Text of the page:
Tool gauges bone’s fracture risk
UC SANTA BARBARA (US)—Physicists have developed a new tool to measure the strength and quality of bone.
Paul Hansma, a professor of physics at the University of California, Santa Barbara, and colleagues have validated the diagnostic tool—known as the Reference Point Indentation (RPI) instrument—using live human test subjects. They report their findings in the Journal of Bone and Mineral Research.
“This is a revolutionary breakthrough,” Hansma says. “People get excited when they hear about this.”
The study documents the first clinical trials of the RPI, which uses a mechanically driven test probe enclosed in a microscopically small cylinder about the size of a hypodermic needle.
The test probe is driven like a tiny piston into the bone of the test subject for about 10 seconds, creating microscopic indentations. The indentations are repeated and the microfractures are measured to determine the bone’s strength and quality.
“The properties of bone materials are an important part of fracture risk,” Hansma says. “In normal, everyday life, you wonder about whether something is going to break or not. It depends. How big is it? How thick is it? Is it made of balsa wood, or walnut? In the field of bone fracture risk, there has not been any instrument that can measure the material properties of bone relative to fracture risk, so it’s been ignored.”
Conventional measurement of bone mineral density is conducted with X-rays, called DEXA (dual energy X-ray absorptiometry).
“This is a measure of how much bone you have,” Hansma says. “As people age, they lose bone. This bone loss can be monitored with DEXA. If you’ve lost a certain amount, you’ll typically be prescribed drugs like Fosamax or Boniva. They help the bones get bigger, help mitigate bone loss and, in some cases, rebuild bone. It’s a $6 billion market right now, growing at 25 percent per year. All they’re doing is dealing with bone quantity. They’re dealing with half the problem.”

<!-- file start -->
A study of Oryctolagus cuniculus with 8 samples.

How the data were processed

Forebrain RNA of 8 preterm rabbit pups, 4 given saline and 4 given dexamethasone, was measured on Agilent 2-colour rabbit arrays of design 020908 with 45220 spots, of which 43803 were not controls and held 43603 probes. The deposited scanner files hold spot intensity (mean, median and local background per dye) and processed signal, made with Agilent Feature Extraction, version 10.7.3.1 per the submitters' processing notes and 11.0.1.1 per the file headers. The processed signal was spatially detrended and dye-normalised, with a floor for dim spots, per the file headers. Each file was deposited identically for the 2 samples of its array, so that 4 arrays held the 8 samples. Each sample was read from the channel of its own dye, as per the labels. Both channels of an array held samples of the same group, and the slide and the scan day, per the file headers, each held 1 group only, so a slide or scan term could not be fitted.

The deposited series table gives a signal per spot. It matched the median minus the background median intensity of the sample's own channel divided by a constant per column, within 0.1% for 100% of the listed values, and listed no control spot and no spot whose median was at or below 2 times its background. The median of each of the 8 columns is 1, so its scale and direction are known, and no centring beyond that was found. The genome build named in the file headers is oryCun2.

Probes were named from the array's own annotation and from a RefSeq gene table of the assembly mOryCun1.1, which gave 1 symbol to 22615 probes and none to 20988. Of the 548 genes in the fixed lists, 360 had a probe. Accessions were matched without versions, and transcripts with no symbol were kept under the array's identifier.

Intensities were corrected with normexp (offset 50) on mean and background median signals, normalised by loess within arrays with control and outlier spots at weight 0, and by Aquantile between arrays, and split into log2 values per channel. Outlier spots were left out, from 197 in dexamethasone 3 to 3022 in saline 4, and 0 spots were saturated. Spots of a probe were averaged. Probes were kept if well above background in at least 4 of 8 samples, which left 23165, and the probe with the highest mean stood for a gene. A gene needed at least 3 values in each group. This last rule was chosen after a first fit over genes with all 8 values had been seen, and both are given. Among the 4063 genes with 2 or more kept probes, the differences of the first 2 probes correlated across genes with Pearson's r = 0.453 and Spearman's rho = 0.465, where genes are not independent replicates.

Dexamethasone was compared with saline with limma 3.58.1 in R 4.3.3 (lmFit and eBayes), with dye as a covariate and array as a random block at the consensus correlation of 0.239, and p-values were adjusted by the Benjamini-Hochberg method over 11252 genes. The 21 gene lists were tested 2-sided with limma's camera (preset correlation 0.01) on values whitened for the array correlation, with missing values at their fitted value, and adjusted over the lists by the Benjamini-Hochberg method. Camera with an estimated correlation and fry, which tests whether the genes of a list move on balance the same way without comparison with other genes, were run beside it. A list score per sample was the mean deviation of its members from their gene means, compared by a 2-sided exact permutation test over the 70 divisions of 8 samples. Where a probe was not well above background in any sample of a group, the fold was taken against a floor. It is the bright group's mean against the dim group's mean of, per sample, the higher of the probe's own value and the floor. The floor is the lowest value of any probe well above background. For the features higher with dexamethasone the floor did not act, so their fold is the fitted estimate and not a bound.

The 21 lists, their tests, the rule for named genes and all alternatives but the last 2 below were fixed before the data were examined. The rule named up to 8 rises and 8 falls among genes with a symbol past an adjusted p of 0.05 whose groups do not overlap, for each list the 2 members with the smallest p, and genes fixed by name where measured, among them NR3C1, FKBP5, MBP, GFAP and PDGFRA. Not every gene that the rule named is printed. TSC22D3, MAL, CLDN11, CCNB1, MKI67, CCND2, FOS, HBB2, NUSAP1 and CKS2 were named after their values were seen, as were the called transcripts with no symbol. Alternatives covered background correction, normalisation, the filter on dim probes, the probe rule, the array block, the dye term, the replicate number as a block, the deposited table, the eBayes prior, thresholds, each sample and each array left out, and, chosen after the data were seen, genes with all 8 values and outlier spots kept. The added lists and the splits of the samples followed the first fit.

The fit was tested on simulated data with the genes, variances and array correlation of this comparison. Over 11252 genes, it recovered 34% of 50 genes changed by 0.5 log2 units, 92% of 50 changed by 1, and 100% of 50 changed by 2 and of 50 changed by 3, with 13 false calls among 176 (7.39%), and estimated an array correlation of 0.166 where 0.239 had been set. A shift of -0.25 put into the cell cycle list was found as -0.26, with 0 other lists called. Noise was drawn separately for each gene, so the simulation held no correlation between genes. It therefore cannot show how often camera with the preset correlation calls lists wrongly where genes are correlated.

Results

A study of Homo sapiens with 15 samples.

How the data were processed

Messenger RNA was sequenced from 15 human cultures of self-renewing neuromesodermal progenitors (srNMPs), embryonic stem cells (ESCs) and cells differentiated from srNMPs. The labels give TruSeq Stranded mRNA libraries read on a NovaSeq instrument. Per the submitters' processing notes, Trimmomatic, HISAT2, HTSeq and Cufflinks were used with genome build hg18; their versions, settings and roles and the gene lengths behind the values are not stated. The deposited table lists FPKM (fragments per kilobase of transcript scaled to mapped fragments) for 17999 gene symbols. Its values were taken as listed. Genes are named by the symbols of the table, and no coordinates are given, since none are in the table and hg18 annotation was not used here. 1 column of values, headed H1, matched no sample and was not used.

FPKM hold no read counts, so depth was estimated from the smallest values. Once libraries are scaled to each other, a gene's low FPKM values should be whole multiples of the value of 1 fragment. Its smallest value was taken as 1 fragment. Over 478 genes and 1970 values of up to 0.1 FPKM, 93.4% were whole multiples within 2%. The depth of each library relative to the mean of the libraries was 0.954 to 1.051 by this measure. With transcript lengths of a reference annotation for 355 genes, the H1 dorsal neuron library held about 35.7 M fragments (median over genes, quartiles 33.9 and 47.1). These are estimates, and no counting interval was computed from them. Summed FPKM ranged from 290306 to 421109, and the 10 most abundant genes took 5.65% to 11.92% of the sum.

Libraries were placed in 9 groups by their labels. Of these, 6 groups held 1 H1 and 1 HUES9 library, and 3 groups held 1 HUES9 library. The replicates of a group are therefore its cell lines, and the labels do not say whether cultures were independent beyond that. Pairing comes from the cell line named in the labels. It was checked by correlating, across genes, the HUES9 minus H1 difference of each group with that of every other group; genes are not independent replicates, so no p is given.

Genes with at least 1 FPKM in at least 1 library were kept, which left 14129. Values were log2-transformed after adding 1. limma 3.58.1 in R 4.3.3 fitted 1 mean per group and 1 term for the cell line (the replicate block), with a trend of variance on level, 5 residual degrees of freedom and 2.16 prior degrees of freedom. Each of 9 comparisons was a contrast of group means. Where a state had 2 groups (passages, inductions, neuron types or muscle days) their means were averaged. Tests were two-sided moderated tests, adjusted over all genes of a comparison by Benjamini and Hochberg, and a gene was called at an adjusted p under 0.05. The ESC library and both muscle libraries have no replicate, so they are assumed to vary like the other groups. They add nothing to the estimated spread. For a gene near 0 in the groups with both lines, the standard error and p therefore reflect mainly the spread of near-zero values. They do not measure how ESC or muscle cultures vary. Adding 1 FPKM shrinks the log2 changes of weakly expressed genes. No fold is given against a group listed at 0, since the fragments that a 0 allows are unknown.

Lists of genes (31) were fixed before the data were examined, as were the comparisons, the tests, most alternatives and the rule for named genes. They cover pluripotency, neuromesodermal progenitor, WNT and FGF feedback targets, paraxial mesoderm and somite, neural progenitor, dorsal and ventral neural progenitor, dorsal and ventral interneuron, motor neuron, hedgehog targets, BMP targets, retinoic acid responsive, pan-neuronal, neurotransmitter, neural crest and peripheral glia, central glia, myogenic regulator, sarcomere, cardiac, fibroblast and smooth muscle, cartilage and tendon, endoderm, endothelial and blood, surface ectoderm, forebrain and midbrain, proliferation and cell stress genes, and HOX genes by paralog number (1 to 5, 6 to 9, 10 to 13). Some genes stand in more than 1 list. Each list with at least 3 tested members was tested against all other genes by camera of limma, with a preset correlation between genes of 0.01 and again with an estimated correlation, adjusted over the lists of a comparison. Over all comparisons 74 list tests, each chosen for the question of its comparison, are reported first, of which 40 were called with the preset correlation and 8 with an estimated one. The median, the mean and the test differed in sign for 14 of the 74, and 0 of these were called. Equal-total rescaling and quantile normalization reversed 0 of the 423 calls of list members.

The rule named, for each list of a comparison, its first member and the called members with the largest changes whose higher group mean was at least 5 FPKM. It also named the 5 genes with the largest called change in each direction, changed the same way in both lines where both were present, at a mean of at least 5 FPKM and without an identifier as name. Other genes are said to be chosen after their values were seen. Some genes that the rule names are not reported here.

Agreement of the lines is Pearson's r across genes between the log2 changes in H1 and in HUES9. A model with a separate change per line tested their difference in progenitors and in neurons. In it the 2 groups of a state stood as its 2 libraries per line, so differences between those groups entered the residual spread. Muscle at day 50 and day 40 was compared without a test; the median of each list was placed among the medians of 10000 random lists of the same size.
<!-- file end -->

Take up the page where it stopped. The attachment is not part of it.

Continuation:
What’s been missing is a way to measure bone quality. Using the RPI, a doctor would be able to determine bone quality by studying the microfractures created in the bones of tested patients.
“There’s been no way to measure this until now,” Hansma says. “This is just a local measurement of how easily the bone is fractured. Since there was no way to measure this, there was no way to develop therapies. But with the RPI, we can measure how easily a bone could be fractured.
“So now we have a goal—let’s try to do something to the bone to lower the total indentation distance as measured by the RPI, because we would like the bone to be less easily fractured.”
All clinical trials have taken place in Barcelona, Spain, under the supervision of Hansma and Adolfo Diez-Perez, a physician at Hospital del Mar in Barcelona and the study’s first author.
Hospital patients—victims of hip fractures and other ailments—were injected with a local anesthetic in their tibia. The leg bone was then tested using the RPI instrument. The RPI’s probe creates microfractures in the tibia, measuring the force that’s being applied and the distance that the probe goes into the bone.
“What you can see from the tests is that everyone whose bone was easily fractured by the RPI’s indentations—very easily fractured at a probe depth of 40 microns—every single one was someone who had previously suffered a bone fracture,” Hansma says. “And below 30 microns of probe depth, no one had suffered a fracture. It’s very statistically significant. Clearly, there’s a big difference.”
So far, the only site approved for clinical trials is in Spain. The Food and Drug Administration (FDA) has not approved the RPI for tests in the United States.
Researchers from UC Santa Barbara; Hospital del Mar in Barcelona; RETICEF, Instituto Carlos III in Madrid, Spain; UC Berkeley; and Active Life Scientific contributed to the work.